In Favor of Free Trade

In the United States, Donald Trump threatens economic war on China and Mexico. Hillary Clinton lambastes the Trans-Pacific Partnership trade deal she backed as Secretary of State. Bernie Sanders brags about having opposed, as a senator, every trade deal Washington offered.

Candidates agree on little except being against free trade. Ranting is the flavor of the day. Anti-trade rhetoric, along with the bashing of the economy as rigged by Wall Street and Corporate America, has dominated the election campaign.

In Europe, populist politicians like Marine Le Pen, Viktor Orban or Geert Wilders thrive on similar messages.

Nevertheless, international trade and globalization have had undeniable benefits, and are here to stay. More than that, seeking to reverse them would be dangerous for any world leading country.

Anger has fueled much of the American election campaign, and free trade has fueled much of that anger. It is blamed for the large losses of manufacturing jobs (6 million in the United States between 1999 and 2011) and the erosion of the West's industrial base -what left an important swath of the population unemployed, broke and will little hope for better. For non-college educated workers still on payrolls, wages have been stagnant, and anxiety is high.

In the Western World, China is accused of having manipulated its currency in order to poach jobs from low-skilled workers, while stealing intellectual property from higher-skilled ones. In a nutshell, many feel that Europe and America were shortchanged.

Compound this with the financial crisis, which oftentimes left the economically weakest without homes in America, and/or with large losses in their retirement accounts, and the anger is understandable.

However, free trade has allowed more wealth creation than any other economic order. Historically, it has benefited America and Europe enormously, and still does. It has made the price of consumer goods fall dramatically, what has trickled down to the less well-off disproportionately, since they spend more of their disposable incomes on goods. It has brought more choices to Americans and Europeans.

And it has opened important, strategic new markets to domestic firms. We cannot have a dynamic, solid economy without cross-border trade when most individuals on the planet live outside of our borders.

Furthermore, as world leaders, the U.S. and the European Union have a duty to support free trade and set the global tone. A retreat from trade would be a retreat from the responsibility and moral obligation of global leadership. It would be a loss of influence; other nations would jump at the opportunity to fill in the role. Globalization is not reversible: withdraw and you lose out.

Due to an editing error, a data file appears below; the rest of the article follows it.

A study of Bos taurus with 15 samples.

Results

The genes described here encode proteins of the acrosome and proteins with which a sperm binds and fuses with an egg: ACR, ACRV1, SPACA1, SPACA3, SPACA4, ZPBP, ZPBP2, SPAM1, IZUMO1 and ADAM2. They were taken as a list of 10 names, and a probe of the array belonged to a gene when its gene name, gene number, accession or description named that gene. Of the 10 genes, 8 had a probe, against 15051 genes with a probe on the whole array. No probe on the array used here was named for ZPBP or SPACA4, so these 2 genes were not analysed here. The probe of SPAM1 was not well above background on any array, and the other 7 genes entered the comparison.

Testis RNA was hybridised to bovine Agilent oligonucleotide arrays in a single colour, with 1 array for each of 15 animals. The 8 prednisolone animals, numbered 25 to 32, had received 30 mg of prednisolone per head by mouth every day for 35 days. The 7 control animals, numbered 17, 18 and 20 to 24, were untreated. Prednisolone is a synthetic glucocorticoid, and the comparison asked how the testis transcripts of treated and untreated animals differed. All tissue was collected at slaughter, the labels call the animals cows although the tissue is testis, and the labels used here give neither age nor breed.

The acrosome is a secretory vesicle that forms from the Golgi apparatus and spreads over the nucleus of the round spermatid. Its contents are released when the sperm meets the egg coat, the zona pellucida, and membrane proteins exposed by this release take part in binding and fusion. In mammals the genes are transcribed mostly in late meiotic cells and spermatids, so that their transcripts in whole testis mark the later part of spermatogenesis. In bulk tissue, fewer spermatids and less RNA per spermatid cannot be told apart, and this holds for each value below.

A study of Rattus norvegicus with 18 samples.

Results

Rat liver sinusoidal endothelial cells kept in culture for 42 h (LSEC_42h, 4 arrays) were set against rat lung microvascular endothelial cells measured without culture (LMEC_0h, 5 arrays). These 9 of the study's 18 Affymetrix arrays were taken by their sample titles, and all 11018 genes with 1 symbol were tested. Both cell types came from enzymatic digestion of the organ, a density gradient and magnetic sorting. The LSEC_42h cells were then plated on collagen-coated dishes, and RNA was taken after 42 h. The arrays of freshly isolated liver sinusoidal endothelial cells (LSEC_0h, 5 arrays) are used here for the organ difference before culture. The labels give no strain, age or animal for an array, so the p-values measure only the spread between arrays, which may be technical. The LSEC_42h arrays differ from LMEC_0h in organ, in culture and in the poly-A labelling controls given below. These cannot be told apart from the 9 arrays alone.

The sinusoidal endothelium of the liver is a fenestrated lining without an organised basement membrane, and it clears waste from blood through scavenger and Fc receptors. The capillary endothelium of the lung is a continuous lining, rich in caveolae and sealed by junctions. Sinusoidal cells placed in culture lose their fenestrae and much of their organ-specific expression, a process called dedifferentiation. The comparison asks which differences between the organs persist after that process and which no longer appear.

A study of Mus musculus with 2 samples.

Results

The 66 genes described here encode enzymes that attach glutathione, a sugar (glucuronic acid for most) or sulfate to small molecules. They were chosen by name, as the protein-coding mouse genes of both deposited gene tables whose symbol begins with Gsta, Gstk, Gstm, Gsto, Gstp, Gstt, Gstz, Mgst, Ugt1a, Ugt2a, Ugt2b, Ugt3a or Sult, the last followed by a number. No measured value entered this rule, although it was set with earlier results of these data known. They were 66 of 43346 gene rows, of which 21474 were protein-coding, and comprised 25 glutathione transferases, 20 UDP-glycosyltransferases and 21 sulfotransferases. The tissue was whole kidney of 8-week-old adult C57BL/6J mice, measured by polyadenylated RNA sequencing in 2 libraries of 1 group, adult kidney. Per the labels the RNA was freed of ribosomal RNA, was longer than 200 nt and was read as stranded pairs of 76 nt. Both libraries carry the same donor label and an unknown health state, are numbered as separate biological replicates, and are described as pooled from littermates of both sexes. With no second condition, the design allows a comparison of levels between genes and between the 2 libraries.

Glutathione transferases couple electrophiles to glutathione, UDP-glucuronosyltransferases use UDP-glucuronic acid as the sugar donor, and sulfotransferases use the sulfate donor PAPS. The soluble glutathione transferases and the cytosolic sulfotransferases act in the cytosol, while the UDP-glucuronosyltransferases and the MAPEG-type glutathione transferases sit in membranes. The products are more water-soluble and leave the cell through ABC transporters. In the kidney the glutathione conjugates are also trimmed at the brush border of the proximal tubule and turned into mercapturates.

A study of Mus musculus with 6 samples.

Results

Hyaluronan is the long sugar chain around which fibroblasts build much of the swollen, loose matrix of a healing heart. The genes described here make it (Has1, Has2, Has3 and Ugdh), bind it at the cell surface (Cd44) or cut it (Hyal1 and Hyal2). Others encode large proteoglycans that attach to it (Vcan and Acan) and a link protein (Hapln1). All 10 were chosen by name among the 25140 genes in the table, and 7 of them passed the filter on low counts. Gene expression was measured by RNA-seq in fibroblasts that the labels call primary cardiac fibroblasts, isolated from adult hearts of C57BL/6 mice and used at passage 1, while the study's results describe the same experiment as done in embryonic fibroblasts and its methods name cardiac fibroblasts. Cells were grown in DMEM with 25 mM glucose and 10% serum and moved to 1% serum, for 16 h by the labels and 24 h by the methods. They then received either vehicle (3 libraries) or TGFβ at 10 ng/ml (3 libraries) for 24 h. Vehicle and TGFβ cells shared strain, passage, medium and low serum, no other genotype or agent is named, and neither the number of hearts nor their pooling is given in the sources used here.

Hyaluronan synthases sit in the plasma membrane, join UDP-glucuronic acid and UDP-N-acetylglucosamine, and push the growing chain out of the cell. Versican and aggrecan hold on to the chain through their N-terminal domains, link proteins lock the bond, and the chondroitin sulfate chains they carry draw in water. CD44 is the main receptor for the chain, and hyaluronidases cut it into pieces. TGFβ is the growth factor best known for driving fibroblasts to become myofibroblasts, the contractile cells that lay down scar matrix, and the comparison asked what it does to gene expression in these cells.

And perhaps most importantly, cross-border trade fosters world peace: when nations trade with each other, conflicts, military or others, are less likely to occur. In the 1930s, Nazi Germany opted for autarky -we all know what followed. In a world with as many conflicts as today, in the nuclear age, we should think about this twice.

Through the 2016 U.S. election, the depth of hurt and the level of damage experienced by low-skilled workers are on display on the national stage. It became very clear that the economy struggled at retaining them and assisting their transition.

Job losses, if not the loss of industries, are unavoidable with innovation, change and each step of human progress. The horse carriage industry went out of business when automobiles were invented.

Instead of trade bashing, the debate should focus on how mature economies of the Western World can best assist workers' retraining and reemployment. In the future, domestic economic and social policies should accompany free-trade ones. International trade can be rethought, and updated. Assisting workers thrive under new circumstances will make their transition easier and faster, and national economies leaner and meaner. Not to mention keeping social disorder and extremism away. More appropriate, more modern trade-adjustment assistance, more efficient job training programs and better education are a must. And in the age of the internet, this does not necessarily mean physical displacement.